Dominik Fischnaller, of Italy, prepares for a luge men's run at the 2022 Winter Olympics, Saturday, Feb. 5, 2022, in the Yanqing district of Beijing. (AP Photo/Pavel Golovkin)

At least, that’s what history says.

Ludwig, Kindl and Fischnaller were the leaders after Saturday’s first two runs at the Yanqing Sliding Center, and that’s a very good omen for them. There have been 15 previous Olympic men’s luge competitions; in all 15, the eventual gold medalist has been no worse than third after the first two heats.

Ludwig, this season’s World Cup champion, finished his two runs in 1 minute, 54.501 seconds. He knows he’s two runs from gold, though wanted no part of discussing what an Olympic victory would mean.

“I will see tomorrow,” Ludwig said. “I think it would be another big point of my career, but it’s not happened yet. That’s why we’ll talk tomorrow about this, OK?”

Kindl finished in 1:54.540 and Fischnaller in 1:54.805.

“I’ve never been in this position after the first day,” Fischnaller said. “I’m excited about that, to be honest. We’ll go back to the village, have dinner, tomorrow morning we’ll prepare the sled again — and then it’s go time.”

Felix Loch, the two-time Olympic men’s champion from Germany, was in fourth, just behind Fischnaller in 1:54.883. Latvia’s Kristers Aparjods (1:54.961) rounded out the top five.

“I like close racing,” U.S. luge veteran Chris Mazdzer said. “Close racing is so important. A lot of times this year, it hasn’t been close racing. It looks like a 1-2 showdown and that bronze is still anybody’s game. It’s pretty awesome.”

Mazdzer — the 2018 Olympic silver medalist who was a bit shaken up after a training crash Friday that kept him from walking in the opening ceremony — is the top American at the midway point, sitting ninth and two spots ahead of Tucker West. Jonny Gustafson, making his Olympic debut, is 18th going into Sunday’s final runs of the competition.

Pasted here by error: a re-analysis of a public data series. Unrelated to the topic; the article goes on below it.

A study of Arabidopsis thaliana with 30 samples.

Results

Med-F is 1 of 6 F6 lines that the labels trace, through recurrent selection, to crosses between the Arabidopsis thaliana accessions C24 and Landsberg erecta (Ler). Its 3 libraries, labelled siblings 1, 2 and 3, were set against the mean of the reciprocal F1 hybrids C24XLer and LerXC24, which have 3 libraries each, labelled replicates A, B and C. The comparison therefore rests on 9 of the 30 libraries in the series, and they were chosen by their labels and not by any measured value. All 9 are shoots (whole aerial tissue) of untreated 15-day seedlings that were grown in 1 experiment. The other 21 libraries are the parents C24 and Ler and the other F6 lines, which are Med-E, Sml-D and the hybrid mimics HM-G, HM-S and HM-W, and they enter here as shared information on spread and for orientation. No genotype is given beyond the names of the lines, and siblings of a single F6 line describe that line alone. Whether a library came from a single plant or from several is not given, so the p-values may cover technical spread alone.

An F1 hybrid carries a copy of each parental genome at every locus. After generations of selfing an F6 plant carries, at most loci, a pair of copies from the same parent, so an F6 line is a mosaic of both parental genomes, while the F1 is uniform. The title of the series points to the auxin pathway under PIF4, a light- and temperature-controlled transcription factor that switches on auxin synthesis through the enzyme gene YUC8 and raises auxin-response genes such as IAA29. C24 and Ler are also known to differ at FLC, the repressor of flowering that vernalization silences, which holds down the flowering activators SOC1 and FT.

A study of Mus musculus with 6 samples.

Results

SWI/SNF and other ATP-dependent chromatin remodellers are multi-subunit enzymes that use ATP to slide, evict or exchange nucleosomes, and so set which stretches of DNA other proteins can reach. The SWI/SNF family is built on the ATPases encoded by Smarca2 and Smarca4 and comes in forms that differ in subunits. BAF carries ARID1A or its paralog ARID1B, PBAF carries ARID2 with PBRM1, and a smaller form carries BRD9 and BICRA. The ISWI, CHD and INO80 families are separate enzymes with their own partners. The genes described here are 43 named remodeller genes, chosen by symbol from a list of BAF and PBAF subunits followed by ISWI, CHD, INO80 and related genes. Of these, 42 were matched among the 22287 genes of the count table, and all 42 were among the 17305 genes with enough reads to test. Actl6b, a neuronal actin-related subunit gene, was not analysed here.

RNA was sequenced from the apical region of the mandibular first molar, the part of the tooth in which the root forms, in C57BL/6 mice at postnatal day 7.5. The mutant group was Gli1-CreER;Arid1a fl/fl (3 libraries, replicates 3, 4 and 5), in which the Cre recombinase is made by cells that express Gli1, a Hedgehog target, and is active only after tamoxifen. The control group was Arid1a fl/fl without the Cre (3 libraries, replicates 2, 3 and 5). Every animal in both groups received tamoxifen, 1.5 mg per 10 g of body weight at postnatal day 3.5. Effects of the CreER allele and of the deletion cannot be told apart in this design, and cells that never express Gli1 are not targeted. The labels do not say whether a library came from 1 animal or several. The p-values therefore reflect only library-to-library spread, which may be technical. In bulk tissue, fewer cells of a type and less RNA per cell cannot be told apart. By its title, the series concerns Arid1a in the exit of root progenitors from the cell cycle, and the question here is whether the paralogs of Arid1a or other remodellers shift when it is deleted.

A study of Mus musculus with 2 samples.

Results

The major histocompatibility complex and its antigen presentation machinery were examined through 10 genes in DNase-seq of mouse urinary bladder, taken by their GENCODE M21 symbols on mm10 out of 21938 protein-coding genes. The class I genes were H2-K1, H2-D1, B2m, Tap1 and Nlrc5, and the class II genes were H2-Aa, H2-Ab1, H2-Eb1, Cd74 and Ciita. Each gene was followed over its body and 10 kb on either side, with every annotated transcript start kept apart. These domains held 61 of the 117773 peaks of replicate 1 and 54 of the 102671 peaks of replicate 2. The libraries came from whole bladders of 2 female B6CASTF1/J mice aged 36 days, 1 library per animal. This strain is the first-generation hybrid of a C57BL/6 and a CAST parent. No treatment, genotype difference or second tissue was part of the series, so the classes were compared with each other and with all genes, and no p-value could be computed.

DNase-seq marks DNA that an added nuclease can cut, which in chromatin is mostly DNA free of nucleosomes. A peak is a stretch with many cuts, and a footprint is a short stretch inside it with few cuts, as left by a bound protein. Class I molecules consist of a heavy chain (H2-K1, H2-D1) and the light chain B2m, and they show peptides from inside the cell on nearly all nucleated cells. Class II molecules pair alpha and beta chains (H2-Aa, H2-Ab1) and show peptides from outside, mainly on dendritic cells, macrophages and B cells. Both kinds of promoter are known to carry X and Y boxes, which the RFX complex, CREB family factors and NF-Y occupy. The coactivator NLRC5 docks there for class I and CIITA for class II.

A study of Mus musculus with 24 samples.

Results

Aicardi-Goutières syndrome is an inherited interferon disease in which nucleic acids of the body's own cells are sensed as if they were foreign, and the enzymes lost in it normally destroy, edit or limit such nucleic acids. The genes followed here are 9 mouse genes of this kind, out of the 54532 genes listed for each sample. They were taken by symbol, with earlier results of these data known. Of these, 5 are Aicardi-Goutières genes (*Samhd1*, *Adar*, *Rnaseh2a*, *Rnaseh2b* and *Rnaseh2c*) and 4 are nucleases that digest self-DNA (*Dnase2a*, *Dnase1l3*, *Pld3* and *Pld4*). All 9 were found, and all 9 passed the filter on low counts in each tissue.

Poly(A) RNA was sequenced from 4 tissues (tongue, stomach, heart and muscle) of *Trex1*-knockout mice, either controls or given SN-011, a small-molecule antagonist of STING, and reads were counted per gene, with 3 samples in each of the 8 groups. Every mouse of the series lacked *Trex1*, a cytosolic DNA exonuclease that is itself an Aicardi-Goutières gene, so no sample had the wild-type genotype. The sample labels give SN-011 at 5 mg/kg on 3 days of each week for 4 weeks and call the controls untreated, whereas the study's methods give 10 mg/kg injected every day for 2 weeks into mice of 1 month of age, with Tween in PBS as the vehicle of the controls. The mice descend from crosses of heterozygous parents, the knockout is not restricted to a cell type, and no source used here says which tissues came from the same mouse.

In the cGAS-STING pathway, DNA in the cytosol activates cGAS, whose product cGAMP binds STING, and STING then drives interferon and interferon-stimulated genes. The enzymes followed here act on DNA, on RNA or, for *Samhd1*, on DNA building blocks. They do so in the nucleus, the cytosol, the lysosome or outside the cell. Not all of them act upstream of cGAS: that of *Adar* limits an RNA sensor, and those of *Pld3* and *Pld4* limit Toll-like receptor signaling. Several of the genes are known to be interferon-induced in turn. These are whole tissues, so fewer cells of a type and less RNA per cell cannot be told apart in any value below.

Mazdzer and West have emerged as the frontrunners for the men’s spot in the U.S. entry for the team relay, a race where the Americans believe they can win a medal.

“The goal has always been to make the relay, to try to have the better chance to medal in that,” West said.

Defending Olympic gold medalist David Gleirscher of Austria is eighth, more than a second off the lead.

“It’s a big gap,” Gleirscher said. “It’s a big challenge for everybody to have four good runs. ... I think not much is possible now.”

For some, the competition was over before it started. There were 35 men who were entered into the Olympic field; only 34 made it to the starting line. Italy’s Kevin Fischnaller — Dominik Fischnaller’s cousin — learned Thursday that his Olympics were over because of a positive COVID-19 test.

For others, victory has nothing to do with results.

The Kumaritashvili family of Georgia now, finally, has seen one of their own compete in an Olympic luge race, with Saba Kumaritashvili — the cousin of Nodar Kumaritashvili, who died in a training accident on the day the 2010 Vancouver Games opened — is 30th at the midway point.

And Poland’s Mateusz Sochowicz, who was badly injured in a crash on the Yanqing track in November — fracturing his left kneecap and cutting his right leg to the bone — is sitting in 27th place, facing long odds to get to a fourth run on Sunday. Only the top 20 after the third run will move to the final heat.